Hello Adobe Support Community,
My name is Daniel. I'm a single salesmen by trade and I love learning new pieces of software. I'm a SalesForce admin. I love to learn and I'm usually good at learning new UI. Yet, when I signed up for an InDesign licence with Adobe I thought I'd catch the wave quickly. It is not the case. I just can't get to do everything I want with InDesign and as quickly as I would have liked.
Therefore, I had to hire a designer to help me speed up my process of creating a two pager for a sales pitch I'm preparing. I attach the piece so that you can see what and where I'm at so far in that endeavour.
Please forward my use case to someone else if you feel that other person can be of assistance.
Here is my case:
I received my first draft from that designer in Sri Lanka. Of course, I am planning to edit the content, make some changes to the piece, etc The one question I have is this.
Considering that I received the .zip file of my first draft with three files and two folders:
I searched information about this .idml file and the purpose of it and I got this explanation of both file extensions:
My question is this:
If I modify the text in the .indd file, how can I make sure I did not loose the integrity of the full project?
I want to make sure that my changes will be compatible with other technical persons who open my project for let's say, printing the said flyers.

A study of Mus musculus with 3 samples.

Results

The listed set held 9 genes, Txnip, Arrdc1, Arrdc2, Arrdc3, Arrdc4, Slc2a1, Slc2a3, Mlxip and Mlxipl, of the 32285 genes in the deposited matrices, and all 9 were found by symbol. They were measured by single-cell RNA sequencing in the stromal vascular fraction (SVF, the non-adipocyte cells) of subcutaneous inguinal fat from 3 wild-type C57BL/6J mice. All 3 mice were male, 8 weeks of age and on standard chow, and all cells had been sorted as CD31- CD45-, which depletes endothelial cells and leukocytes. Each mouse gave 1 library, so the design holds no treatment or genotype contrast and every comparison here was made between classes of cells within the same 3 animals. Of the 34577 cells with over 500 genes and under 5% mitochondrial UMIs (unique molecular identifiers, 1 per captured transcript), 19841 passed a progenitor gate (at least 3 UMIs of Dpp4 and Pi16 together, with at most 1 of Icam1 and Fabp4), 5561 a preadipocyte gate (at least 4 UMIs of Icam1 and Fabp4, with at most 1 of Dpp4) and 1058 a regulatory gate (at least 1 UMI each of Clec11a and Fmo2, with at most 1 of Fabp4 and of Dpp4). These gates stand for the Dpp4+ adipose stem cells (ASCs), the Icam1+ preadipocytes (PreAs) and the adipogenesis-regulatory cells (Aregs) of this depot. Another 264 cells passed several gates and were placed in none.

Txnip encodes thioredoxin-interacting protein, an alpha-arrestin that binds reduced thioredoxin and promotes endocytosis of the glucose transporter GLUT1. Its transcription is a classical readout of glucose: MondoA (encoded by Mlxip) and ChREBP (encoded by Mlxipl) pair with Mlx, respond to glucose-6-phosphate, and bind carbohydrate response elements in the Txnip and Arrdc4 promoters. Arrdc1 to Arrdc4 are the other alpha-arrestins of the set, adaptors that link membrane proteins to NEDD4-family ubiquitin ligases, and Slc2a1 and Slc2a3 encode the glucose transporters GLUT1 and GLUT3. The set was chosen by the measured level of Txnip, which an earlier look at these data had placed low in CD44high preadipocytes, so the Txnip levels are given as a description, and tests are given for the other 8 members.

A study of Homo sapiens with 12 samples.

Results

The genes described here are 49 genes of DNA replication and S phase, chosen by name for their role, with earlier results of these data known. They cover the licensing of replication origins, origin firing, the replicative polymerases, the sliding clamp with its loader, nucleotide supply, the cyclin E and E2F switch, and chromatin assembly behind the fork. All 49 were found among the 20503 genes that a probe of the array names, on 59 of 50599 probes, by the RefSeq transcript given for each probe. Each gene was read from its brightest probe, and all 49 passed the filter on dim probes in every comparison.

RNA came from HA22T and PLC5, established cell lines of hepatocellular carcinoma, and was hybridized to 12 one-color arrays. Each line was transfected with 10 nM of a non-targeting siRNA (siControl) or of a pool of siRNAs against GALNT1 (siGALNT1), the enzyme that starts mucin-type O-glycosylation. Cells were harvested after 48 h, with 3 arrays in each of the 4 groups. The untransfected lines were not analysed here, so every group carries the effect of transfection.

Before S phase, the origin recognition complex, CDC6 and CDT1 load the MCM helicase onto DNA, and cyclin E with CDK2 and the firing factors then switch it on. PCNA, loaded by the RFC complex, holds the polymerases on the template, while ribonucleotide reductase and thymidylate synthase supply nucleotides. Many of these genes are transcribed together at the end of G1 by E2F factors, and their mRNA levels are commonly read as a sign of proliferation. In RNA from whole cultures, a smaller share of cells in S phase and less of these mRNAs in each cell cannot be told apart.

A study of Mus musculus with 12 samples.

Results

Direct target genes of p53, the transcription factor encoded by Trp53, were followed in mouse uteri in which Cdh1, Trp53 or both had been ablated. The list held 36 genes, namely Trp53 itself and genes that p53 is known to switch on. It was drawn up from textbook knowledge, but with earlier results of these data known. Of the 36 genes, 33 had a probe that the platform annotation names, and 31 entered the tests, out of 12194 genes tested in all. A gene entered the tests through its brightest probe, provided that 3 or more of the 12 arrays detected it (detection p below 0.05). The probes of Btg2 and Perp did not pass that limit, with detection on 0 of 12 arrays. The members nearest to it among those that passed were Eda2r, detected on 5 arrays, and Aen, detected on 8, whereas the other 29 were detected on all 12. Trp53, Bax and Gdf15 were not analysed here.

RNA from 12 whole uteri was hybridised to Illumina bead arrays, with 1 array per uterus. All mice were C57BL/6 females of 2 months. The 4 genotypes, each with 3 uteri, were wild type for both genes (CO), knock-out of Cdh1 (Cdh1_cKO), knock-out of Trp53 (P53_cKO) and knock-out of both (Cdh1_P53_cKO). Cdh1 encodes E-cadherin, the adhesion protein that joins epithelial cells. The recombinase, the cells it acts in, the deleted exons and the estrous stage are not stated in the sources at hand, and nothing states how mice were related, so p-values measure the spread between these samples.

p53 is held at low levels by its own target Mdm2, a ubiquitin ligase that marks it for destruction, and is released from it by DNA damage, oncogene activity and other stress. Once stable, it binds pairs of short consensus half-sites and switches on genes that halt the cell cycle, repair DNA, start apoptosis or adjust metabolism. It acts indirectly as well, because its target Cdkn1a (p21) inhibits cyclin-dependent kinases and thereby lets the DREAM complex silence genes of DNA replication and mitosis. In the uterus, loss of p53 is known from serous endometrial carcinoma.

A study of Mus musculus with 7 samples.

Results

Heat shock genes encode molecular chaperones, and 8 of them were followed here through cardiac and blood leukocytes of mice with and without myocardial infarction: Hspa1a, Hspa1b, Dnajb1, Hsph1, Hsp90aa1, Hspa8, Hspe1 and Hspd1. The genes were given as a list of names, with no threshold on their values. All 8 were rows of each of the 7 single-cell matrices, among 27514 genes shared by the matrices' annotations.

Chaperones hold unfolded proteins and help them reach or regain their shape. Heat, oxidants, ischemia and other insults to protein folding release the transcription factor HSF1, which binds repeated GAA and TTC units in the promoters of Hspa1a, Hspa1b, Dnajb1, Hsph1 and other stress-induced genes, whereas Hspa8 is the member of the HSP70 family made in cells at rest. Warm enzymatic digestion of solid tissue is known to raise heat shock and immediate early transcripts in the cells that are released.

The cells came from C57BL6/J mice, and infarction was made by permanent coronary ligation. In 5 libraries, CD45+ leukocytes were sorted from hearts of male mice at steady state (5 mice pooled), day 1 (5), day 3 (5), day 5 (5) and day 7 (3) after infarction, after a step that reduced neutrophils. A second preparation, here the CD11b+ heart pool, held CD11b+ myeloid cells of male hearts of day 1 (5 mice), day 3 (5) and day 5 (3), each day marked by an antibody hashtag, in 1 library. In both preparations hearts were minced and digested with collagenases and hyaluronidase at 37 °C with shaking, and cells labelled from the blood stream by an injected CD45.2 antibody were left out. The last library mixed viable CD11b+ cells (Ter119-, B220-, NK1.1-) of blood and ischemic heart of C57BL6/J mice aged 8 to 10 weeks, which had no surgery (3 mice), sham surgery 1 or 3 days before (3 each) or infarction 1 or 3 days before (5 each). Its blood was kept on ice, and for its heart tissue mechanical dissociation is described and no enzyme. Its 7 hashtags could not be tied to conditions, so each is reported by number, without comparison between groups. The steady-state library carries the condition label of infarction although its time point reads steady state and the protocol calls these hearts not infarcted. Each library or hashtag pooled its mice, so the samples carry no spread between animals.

Do you understand my question?
Thank you very much.
Thank you @Diane Burns and @Manan Joshi your answers are very appreciated: your both angels and fast to reply to my help msg 🙂 If I recap and work a little bit and actively on my active listening skils, here is what I retain: I don't have to worry about editing the IDML file I received when working in my INDD file. Having said that, when I send the completed version to my printer (doing a File menu > Package) I must make sure I have both the .indd and .idml in the .zip folder. Of course, I will also need to make sure the folder contains as well my images and a .pdf.
Q: Does this mean that the .idml file contains an xml?
( ͡° ͜ʖ ͡° )
Having said that, when I send the completed version to my printer (doing a File menu > Package) I must make sure I have both the .indd and .idml in the .zip folder. Of course, I will also need to make sure the folder contains as well my images and a .pdf.
No, the only file you should send is the PDF. Your printer does not need anything else, but he should give you the precise tech specs of the PDF he needs.
Hope this clears all your doubts. Feel free to ask if you have any other questions
As rightly mentioned by @Diane Burns the main reason to send IDML in such a case is to allow a perosn with an older version of InDesign to open the file. Having said that, later versions of InDesign i suppose CC2021 onwards also provide us a conversion service that prompts(on document open) to convert the INDD file into one that is compatible with your version of InDesign. For ex:- if you try to open up an INDD file created using CC2022 in CC2021 you can use the conversion service to convert the file into CC2021 compatible INDD file.
Also while sending an INDD file to another person, use File>Package this will create the whole bunch of files i.e. indd, idml, fonts, links and pdf so that the reciever has everything she/he needs. Also by doing this you don't need to worry about updating the IDML file as its automatically created mimicing the state of the INDD file.